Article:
December 21, 2018

IntelBrief: Kosovo’s Controversial Decision to Form an Army

Kosovo lawmakers attend a parliamentary session to approve the formation of an army, in capital Pristina, Kosovo on Friday, Dec. 14, 2018.  (AP Photo/Visar Kryeziu).
  • On December 14, Kosovo’s parliament voted to form an official standing army, prompting a volley of angry rhetoric from Serbia and Russia.
  • The decision to transition the existing 3,000 personnel of the Kosovo Security Force (KSF) is backed by the U.S, and some segments of the EU, while organizations like the UN and NATO have not voiced support for the move.
  • The UN claims that the move violates the UN Security Council resolution that established the Kosovo Force (KFOR), the primary peacekeeping presence since the end of the Serbian war in 1999.
  • Serbia refuses to recognize Kosovo as a sovereign nation, claiming that the region still belongs to Serbia.


Relations between Serbia and Kosovo, which are always fraught, deteriorated further with the December 14th vote by the parliament in Pristina to establish a Ministry of Defense and a standing army. The move was immediately denounced by Serbia, with Serbian President Aleksandar Vucicspeaking at the United Nations (UN) on December 17th. In his speech, he called upon to the UN to ‘tame’ Kosovo and again denied that Kosovo, which declared its independence in 2008, is in fact a sovereign nation. Russia, a long-time supporter of Serbia, also condemned Kosovo’s decision, labeling it ‘illegal,’ a statement apparently offered without irony by a country that supports ethnic Russian and pro-Kremlin enclaves in a range of so-called ‘frozen conflicts,’ from Abkhazia to Crimea and beyond.

Kosovo’s decision to create a standing army is supported by the United States, which formally recognized Kosovo as a sovereign country and established diplomatic ties soon after it declared its independence from Serbia. The move, however, is not sitting well with either NATO or the UN. The primary issue is that security in Kosovo is governed by UN Security Council Resolution (UNSCR) 1244, voted upon in June 1999. That resolution established KFOR, the Kosovo Force, a NATO-led peacekeeping force of approximately 4,000 personnel. For the past two decades, KFOR has managed to maintain stability in an otherwise volatile region, characterized by a history of ethnic conflict and widespread political violence. Without question, any attempt to establish an official Kosovo army complicates the KFOR mission. UN President Guterres said in a statement that a decision that interferes with the mission of KFOR would be inconsistent with UNSCR 1244.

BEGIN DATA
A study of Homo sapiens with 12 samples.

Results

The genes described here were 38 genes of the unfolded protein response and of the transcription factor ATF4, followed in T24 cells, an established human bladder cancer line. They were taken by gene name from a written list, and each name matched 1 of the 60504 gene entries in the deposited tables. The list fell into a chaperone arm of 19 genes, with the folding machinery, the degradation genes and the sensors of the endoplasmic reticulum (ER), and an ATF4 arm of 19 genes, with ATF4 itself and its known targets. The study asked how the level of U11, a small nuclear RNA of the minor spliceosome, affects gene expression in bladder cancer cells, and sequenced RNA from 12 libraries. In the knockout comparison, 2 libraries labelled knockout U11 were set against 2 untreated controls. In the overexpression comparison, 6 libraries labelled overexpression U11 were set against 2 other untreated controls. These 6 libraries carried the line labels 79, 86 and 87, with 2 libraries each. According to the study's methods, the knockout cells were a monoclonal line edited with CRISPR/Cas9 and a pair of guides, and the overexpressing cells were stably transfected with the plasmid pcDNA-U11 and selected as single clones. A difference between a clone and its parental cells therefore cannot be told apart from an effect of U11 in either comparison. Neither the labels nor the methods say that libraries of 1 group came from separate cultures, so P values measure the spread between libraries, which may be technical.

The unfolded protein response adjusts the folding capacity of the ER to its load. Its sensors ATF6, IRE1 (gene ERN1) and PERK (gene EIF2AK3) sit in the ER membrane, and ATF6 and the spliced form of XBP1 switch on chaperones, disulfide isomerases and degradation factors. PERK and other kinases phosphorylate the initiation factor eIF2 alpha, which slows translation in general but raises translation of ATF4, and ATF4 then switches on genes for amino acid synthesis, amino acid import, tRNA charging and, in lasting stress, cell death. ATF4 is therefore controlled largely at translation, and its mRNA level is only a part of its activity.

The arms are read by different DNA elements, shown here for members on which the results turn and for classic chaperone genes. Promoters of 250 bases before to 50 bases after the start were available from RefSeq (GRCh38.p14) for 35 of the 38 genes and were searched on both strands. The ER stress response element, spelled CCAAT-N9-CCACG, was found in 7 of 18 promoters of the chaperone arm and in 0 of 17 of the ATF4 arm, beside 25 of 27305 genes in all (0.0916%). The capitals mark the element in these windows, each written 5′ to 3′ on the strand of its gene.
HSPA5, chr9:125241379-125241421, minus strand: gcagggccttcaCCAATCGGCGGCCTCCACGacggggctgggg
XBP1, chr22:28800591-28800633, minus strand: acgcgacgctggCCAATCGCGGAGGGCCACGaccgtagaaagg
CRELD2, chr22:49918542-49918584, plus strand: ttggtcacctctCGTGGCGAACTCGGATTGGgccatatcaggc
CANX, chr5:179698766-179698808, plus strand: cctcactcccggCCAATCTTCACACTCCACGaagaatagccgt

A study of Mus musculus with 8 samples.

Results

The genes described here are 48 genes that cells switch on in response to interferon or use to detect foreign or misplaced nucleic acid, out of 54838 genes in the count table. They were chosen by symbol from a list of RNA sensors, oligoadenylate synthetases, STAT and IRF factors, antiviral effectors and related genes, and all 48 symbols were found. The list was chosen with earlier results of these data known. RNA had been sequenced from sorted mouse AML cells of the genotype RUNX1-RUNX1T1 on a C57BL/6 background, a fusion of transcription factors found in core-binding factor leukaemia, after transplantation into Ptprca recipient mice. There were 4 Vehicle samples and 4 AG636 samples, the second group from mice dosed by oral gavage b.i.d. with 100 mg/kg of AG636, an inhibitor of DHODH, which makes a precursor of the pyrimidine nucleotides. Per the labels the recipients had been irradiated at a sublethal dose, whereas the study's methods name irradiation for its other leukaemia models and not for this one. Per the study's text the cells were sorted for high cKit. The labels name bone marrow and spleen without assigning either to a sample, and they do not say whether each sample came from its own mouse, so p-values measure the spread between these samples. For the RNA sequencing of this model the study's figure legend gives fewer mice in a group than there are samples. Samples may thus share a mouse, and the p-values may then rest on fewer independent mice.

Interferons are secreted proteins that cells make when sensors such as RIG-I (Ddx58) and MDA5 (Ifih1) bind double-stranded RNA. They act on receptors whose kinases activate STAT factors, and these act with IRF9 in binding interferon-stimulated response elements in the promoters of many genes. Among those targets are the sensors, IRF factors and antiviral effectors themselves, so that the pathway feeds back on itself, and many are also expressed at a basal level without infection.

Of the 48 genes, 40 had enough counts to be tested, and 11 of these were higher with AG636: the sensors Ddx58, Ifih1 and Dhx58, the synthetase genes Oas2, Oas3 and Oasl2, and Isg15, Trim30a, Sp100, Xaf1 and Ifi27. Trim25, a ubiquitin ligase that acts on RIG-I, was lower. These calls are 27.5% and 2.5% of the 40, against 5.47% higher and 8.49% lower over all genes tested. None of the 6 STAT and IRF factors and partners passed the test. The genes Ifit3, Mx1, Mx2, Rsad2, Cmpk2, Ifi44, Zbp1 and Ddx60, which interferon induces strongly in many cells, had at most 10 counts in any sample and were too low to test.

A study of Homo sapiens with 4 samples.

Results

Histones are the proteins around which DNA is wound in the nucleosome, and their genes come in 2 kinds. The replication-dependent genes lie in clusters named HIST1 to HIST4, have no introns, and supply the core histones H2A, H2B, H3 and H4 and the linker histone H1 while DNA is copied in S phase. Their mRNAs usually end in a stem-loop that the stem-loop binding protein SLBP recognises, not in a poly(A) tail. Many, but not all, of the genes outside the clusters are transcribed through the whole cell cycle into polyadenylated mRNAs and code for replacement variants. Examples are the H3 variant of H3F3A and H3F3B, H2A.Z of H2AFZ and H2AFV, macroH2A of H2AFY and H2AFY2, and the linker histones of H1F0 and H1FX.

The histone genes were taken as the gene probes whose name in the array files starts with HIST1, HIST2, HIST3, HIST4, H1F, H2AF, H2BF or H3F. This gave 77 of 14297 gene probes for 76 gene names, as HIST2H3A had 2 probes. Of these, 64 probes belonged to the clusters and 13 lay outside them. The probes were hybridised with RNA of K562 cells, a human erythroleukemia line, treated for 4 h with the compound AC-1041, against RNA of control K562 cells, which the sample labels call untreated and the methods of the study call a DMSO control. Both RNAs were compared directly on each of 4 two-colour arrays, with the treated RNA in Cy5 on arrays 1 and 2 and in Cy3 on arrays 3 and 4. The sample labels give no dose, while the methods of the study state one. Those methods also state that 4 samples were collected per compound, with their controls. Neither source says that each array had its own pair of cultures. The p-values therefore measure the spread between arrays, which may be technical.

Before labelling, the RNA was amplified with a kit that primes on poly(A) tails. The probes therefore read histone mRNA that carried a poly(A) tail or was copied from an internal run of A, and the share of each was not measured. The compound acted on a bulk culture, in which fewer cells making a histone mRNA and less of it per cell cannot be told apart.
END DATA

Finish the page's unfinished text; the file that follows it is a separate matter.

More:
For Kosovo, the issue is straightforward and inevitable. As a sovereign country, Pristina argues that it has both the right and the duty to defend itself, which necessitates the development of a standing army. Kosovo’s President, Hashim Thaci, called the decision a ‘natural step’ and logical evolution toward full sovereignty, while adding that if there was any mistake on the part of Kosovo, it was in waiting too long to take the action. There is already a quasi-Kosovo army—the Kosovo Security Force (KSF)—which counts approximately 3,000 personnel under arms. Pristina has stressed that simply formalizing its current KSF into an army poses no threat to Serbia in any manner. To be sure, Serbia’s army is far more powerful than any military force Kosovo will be able to develop. President Thaci stressed that the establishment of a Kosovo army would increasestability in the region. Thaci stated, ‘Kosovo soldiers will be soldiers of peace and Kosovo's army will be a contributor of stability to the region.’

Belgrade and Moscow flatly dismiss the notion that an official Kosovo army could usher in stability and argue that the move is not only illegal under the longstanding UN resolution, but is also a threat to Serbia. Serbian President Vucic said he was ‘very much concerned and even a bit afraid’ of what the decision would mean for regional stability. This latest issue is unlikely to fade from the headlines anytime soon, especially in the Balkans. Serbia will continue to its refusal to acknowledge or accept Kosovo’s independence and Kosovo will move forward on its path to becoming a fully sovereign nation. KFOR will continue its mission, though the conditions on the ground will likely grow more tense than usual. Russia will not deviate from providing full support to Serbia, while the U.S. will maintain its support for Kosovo. Actual conflict between Kosovo and Serbia remains unlikely, especially given the presence of KFOR, but the path toward normalized relations between the two countries is now even more challenging.